1962 Vignale Record Sperimentale 1000 – Fiat 600D based design prototype, with ‘fish-bowl’ windscreen

Vignale Record Sperimentale 1000. A wind-cheating concept car that was built to break records. Story by Chris Rees.



Record-breaking wind-cheater from Vignale


The November 1962 Turin Motor Show was a momentous one for Alfredo Vignale. This was to be his company’s first event since he and the prodigious design talent that was Giovanni Michelotti parted company. Michelotti had designed a whole slew of innovative and beautiful cars for Vignale but had now struck out on his own. Wanting to make a splash at the show, Vignale brought along – in addition to a couple of rather more humdrum coach-built versions of the Fiat 1300 and Fiat 2300 – a wildly experimental bit of kit: the Record Sperimentale 1000.

1962 Vignale Record Sperimentale 1000 - Fiat 600D based design prototype, with 'fish-bowl' windscreen

1962 Vignale Record Sperimentale 1000 – Fiat 600D based design prototype, with ‘fish-bowl’ windscreen

In truth, the origins of the 1962 show car can be traced back to a perhaps better-known Vignale-built project dating from 1957, which had been designed by Giovanni Michelotti. This was the extraordinary Abarth 750 Sperimentale ‘Goccia’ (‘Teardrop’).

Widely viewed as inventing the ‘monovolume’ idea so prevalent in today’s cars, it was designed to maximise aerodynamic efficiency, and was based on Abarth 750 mechanicals. One of the tiny handful of examples built famously participated in the 1957 Mille Miglia race.

So it was that, five years later, Vignale returned to the idea of the one-volume teardrop shape – nominally as an intended record-breaker but probably more to steal some Turin limelight. The shape was inspired by the teardrop school of thought, the result of a series of aerodynamic studies that concluded that the falling drop of water was the most efficient in terms of airflow. Vignale crafted a long, low and relatively wide shape. The car’s wraparound windscreen was absolutely enormous, while the glass roof very much prefigured the current fad for panoramic sunroofs. The headlights were faired in behind Plexiglas for smoothness of airflow and the front bumpers were shaped like bullets. At the rear end, the tail was sharply cutoff, Kamm-style, while a variety of cooling ducts were provided for the rear-mounted engine.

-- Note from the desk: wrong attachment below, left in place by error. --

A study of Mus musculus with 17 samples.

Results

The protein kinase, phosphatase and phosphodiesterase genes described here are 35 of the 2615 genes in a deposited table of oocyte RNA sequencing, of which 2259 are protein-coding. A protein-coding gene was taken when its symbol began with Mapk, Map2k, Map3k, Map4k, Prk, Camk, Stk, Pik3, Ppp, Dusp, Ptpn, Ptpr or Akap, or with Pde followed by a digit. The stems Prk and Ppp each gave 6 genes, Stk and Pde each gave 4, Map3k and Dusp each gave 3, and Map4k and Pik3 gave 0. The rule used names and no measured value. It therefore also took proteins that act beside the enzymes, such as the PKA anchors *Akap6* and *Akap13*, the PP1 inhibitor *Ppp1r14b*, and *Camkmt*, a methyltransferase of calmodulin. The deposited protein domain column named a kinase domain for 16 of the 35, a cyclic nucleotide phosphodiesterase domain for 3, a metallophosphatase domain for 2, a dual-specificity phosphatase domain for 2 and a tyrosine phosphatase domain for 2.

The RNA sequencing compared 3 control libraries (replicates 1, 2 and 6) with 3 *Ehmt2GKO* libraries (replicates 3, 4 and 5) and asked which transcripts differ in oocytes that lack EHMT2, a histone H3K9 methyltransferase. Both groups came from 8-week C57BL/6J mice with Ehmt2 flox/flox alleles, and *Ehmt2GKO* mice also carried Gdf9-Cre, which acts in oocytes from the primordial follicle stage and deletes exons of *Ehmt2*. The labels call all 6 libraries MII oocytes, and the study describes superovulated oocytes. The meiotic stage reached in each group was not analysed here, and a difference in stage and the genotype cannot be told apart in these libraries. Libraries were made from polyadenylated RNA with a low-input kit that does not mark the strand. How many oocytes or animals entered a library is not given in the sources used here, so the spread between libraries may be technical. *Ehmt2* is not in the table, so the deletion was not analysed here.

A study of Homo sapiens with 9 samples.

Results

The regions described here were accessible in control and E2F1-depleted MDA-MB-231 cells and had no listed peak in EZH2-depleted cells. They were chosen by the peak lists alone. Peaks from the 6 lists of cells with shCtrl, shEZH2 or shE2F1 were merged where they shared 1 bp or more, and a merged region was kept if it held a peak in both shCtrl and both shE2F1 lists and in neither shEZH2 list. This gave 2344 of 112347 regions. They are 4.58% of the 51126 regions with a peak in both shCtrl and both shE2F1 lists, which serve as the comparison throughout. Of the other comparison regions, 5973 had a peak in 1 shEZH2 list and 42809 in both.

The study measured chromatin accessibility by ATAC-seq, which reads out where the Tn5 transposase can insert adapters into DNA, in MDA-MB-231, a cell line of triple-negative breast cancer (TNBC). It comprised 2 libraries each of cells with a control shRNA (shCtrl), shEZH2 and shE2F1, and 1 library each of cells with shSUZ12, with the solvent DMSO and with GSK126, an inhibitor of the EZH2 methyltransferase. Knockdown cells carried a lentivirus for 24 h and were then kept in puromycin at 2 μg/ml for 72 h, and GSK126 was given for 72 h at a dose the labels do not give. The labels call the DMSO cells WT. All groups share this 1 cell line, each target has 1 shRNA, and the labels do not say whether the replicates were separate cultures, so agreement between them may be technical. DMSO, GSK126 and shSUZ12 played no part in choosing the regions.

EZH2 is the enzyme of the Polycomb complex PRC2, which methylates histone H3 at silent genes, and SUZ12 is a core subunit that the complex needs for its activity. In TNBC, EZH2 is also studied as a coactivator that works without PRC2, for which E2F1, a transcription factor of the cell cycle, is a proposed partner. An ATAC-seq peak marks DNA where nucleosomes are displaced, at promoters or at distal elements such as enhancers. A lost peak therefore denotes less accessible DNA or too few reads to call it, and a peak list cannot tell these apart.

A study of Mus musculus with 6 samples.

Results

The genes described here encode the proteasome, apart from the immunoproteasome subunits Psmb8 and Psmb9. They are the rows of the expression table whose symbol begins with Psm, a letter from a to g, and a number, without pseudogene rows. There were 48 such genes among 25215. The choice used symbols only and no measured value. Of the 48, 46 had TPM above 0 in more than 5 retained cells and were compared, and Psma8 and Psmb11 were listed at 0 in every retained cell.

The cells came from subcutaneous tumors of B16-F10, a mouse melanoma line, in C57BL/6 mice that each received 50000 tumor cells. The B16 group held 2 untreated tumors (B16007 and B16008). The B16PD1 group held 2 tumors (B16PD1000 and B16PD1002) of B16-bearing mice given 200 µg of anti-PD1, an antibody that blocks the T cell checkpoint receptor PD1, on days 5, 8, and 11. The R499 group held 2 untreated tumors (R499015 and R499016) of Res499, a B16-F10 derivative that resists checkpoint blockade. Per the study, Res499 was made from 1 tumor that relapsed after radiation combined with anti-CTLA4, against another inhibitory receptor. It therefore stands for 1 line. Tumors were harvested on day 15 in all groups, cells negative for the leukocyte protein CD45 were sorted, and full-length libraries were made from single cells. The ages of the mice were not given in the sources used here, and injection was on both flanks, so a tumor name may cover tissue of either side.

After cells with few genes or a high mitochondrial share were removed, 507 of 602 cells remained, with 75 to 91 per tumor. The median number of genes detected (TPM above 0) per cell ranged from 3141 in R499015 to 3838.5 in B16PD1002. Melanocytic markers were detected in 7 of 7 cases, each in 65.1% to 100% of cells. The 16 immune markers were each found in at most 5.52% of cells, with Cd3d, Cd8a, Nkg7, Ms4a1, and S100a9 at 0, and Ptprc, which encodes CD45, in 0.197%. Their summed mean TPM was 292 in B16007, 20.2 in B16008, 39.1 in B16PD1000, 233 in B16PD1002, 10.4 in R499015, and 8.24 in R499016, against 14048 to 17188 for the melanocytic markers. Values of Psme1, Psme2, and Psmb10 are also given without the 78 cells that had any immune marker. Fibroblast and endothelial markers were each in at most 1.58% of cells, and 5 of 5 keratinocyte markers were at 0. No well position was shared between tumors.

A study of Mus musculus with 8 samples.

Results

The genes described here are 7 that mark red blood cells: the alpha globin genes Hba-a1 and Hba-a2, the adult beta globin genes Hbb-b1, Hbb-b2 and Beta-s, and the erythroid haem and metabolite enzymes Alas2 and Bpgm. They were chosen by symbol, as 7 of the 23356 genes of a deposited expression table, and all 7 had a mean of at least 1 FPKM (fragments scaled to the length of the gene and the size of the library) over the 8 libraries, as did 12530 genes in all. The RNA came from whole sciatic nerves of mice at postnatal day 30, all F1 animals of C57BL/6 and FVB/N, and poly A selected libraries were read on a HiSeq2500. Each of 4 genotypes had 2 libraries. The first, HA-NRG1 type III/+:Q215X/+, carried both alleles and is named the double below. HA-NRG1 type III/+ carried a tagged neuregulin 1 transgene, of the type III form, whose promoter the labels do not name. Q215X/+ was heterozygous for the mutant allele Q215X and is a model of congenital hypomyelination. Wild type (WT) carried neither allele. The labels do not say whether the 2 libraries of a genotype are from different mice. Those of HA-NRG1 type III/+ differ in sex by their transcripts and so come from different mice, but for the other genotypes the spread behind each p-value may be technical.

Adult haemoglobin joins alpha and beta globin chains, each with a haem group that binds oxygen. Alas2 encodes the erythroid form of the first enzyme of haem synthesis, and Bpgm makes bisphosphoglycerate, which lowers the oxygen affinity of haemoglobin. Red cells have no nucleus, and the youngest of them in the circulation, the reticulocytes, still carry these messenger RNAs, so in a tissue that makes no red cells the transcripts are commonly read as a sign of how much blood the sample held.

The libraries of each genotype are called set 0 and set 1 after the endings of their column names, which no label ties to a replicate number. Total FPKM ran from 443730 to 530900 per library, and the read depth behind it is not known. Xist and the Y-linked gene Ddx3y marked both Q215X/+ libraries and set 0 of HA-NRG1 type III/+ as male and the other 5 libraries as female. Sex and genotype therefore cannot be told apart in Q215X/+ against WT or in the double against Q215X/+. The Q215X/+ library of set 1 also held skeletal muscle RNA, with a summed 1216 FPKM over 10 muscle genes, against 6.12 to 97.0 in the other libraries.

Inside, the two-seater cabin had a futuristic, jet-age theme to it. Three gauges were set into a wooden instrument panel, housed in a binnacle that extended way forwards to the base of the windscreen. The seats were anatomically formed, with curious form-hugging grab handle-style extensions. The wraparound headrest (curiously, on the passenger’s side only) was described as “inspired by aircraft”. Behind the seats sat a spare wheel.

As first presented at Turin in 1962 the Record Sperimentale 1000 had conventional wheel arches, but when it was shown again at Geneva in March 1963, it had been slightly modified with faired-in wheels covered by spats all round, presumably as a result of extra aerodynamic experimentation. Vignale claimed its Cd figure was just 0.25.

As with the 1957 Sperimentale, the 1962 Record was based on the platform of the Fiat 600D, complete with its suspension and rear-engined layout. The engine itself was expanded from 767cc to 1.0 litre by the Turin-based tuning company ZM, run Edoardo Zen, who basically represented the famous tuner Giannini in Turin, and who would later set up OTAS with Franco Giannini.

The Record was intended – as its name clearly stated – to attempt to break speed records. However, no evidence appears to exist to suggest that any such record attempts were made.